As the thunder of victory cheer echoed throughout New England, I wanted to stick my arms through our flat screen and hug Galynn Brady. She did it. Mrs. Brady intercepted her cancer treatment plan to support her son as he led the Patriots to the biggest comeback in Super Bowl history.
Equally as daunting, Mrs. Brady wrapped her head in a bandanna and marched into NGR stadium, dodging flying confetti and murmurs of speculation.
Why was Tom Brady’s mother wearing a bandana?
Did she have cancer?
Was she bald, like me?
Man...I thought. That Mrs. Brady has balls. Courage is not running on a field, body surfing to a melody of praise and applause. Courage is sitting on the sidelines, patiently ignoring the wave of whispers about you. By sporting a bandanna at one of the world’s most prestigious and publicized events, Mrs. Brady proved that cancer can happen to anyone, regardless of access to health care, financial resources or who is gathered around your Thanksgiving table.
I was not surprised. Mrs. Brady, whose uterus should be dipped in gold and displayed at the Smithsonian, would have tackled Julio Jones and a 5’11” Brazilian supermodel to be at Super Bowl LI. Her Tommy had a rough year and needed his mother. I deeply understood her feelings. See we are both mothers, Mrs. Brady and I. And we both endured the humiliating side effects of chemotherapy.
My strategy was to melt into obscurity; I just wanted to be an ordinary mother watching her daughter play softball. I needed to arrive at my children’s sporting events looking as close to my pre-cancer self as possible. On one hand, it was a play to avoid the Cancer Conversation:
I was SHOCKED to hear your news. How devastating for your family.
When my college roommate had cancer, her husband left. How are you and Marc doing?
Do you have the BRCA gene?
On the other hand, it was a strategy to defend my daughters. What if other children teased my little girls because of their bald headed mother? Then I would have to hunt down the little bastards and light them on fire.
So when my Oncologist offered to write me a prescription for a wig I said, “Yes, please.” She told me that a good wig will run between $600-$1500 but my insurance company should cover part or most of the cost.
Should being the operative word.
The kicker of cancer treatment is that chemotherapy induced alopecia is considered a side effect of treatment. Therefore, health plans are not mandated to cover the cost of a wig or the use of cooling cap systems as they are not medically necessary.
Since the time when we can grow enough hair to bundle a pigtail, little girls learn that our hair makes us pretty. We curl it, straighten it, braid it, layer it, tease it, color it and wrap it in a bow like a beloved Christmas present.
Then 1 out of every 8 of us will develop breast cancer. Most of us are told that we will die from this disease unless we undergo chemotherapy. It’s an unfair call. With our backs to the wall, we grudgingly accept that our heads will be stripped and left naked. We brace ourselves for a very long and visible walk of shame. Baldness is the Scarlet Letter of a cancer diagnosis as it publicly brands us as sick, weak citizens that are diseased.
Please God….if I can only keep my hair, I prayed.
Heading into the fight for my life, I needed to sport a ponytail. I gather my strength and courage when I gather my hair, pull it off my face and snap the elastic. The ritual is my call to battle before a game, before laboring children, and before I feel that first pinch of the infusion needle. Without my ponytail, I did not feel like myself. Instead, I felt like a cancer patient.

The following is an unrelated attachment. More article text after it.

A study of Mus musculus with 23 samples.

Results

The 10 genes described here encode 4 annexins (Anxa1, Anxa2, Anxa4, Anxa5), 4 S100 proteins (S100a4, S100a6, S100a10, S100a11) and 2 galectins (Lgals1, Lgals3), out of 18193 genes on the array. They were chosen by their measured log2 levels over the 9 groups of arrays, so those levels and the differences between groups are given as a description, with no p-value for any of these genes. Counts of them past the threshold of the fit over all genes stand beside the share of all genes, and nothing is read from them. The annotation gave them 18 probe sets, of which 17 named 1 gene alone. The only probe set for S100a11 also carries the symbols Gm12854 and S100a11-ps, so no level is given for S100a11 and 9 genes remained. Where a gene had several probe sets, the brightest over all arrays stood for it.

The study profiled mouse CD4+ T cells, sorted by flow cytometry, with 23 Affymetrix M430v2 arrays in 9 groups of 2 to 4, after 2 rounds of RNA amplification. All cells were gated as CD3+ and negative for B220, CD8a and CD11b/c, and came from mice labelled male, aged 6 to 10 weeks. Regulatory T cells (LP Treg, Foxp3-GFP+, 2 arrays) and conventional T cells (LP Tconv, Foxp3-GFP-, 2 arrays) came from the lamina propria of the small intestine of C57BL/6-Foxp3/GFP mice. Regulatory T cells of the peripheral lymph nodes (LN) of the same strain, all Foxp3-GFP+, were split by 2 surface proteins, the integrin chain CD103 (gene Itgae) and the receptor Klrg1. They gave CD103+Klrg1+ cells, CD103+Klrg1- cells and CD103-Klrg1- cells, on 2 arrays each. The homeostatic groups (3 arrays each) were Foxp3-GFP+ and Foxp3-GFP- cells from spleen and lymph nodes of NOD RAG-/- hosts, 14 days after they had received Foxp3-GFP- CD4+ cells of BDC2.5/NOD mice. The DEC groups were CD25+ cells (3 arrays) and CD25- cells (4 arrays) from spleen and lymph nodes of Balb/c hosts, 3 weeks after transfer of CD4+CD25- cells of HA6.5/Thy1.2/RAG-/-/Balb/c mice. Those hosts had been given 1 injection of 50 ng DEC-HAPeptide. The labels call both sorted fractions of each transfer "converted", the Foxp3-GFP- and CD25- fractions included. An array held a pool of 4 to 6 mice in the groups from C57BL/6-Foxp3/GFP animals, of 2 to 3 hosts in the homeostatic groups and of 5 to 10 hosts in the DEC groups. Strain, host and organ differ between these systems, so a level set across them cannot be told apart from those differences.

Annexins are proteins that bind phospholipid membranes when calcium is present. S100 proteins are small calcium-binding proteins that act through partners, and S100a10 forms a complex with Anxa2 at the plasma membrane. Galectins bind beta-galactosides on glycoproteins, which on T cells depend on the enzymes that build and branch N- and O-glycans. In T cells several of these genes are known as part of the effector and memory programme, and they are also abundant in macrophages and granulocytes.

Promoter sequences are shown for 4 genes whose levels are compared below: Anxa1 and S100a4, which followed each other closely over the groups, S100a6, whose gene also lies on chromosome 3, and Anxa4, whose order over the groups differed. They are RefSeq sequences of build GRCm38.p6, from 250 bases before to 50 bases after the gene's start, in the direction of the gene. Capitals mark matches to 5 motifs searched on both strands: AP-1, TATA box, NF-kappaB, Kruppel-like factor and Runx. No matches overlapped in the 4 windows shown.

Why are women so polite about chemotherapy induced hair loss? Do the sideline murmurs of vanity and guilt eclipse the truth?
Its ONLY hair
It will most likely grow back
Beauty comes from within
Parading around as egghead is a deeply traumatic and humiliating experience. Yes, there are strong, beautiful women who can rock the bald look:
Britney Spears (Not so much)
However, these women choose to shave their heads as an expression of style. Therefore it is a conscientious decision, not a traumatic loss.
Here’s the exciting news: we now have technology that will enable cancer patients to keep their hair during treatment. The FDA recently approved the DigniCap and Paxman scalp cooling systems, automated devices that prevent chemotherapy induced alopecia in patients with solid tumor cancers. The systems, which have been used extensively outside the United States, have proven successful in helping cancer patients keep at least half of their hair during treatment.
But FDA approval does not translate into coverage by health plans. A session with a cooling device will run between $300-$500. Meaning the rich girls will get to keep their hair. But the poor girls will not.
Women do not play that way. Intuitively, we bond with our sisters to protect our tribe. Though our entrance into the arena may not be intimidating, our strength and power lie in our ability to connect and communicate with each other. Let’s spread the word, ladies.
Cancer will not take our hair anymore.
Patients need to know that they now have a option to save their hair during cancer treatment. We need to demand the use of cooling cap systems at infusion centers and mandate health plans to cover the cost. Ask your oncologist when the Dignicap or Paxman Scalp Cooling System will be available in your area. Email your politicians to push legislation that provides equal access to the softer side of medical of care. Call your insurance company and inform them that caring for mind and spirit is a foundational part of health care. Let’s end the era of the bald headed cancer patient.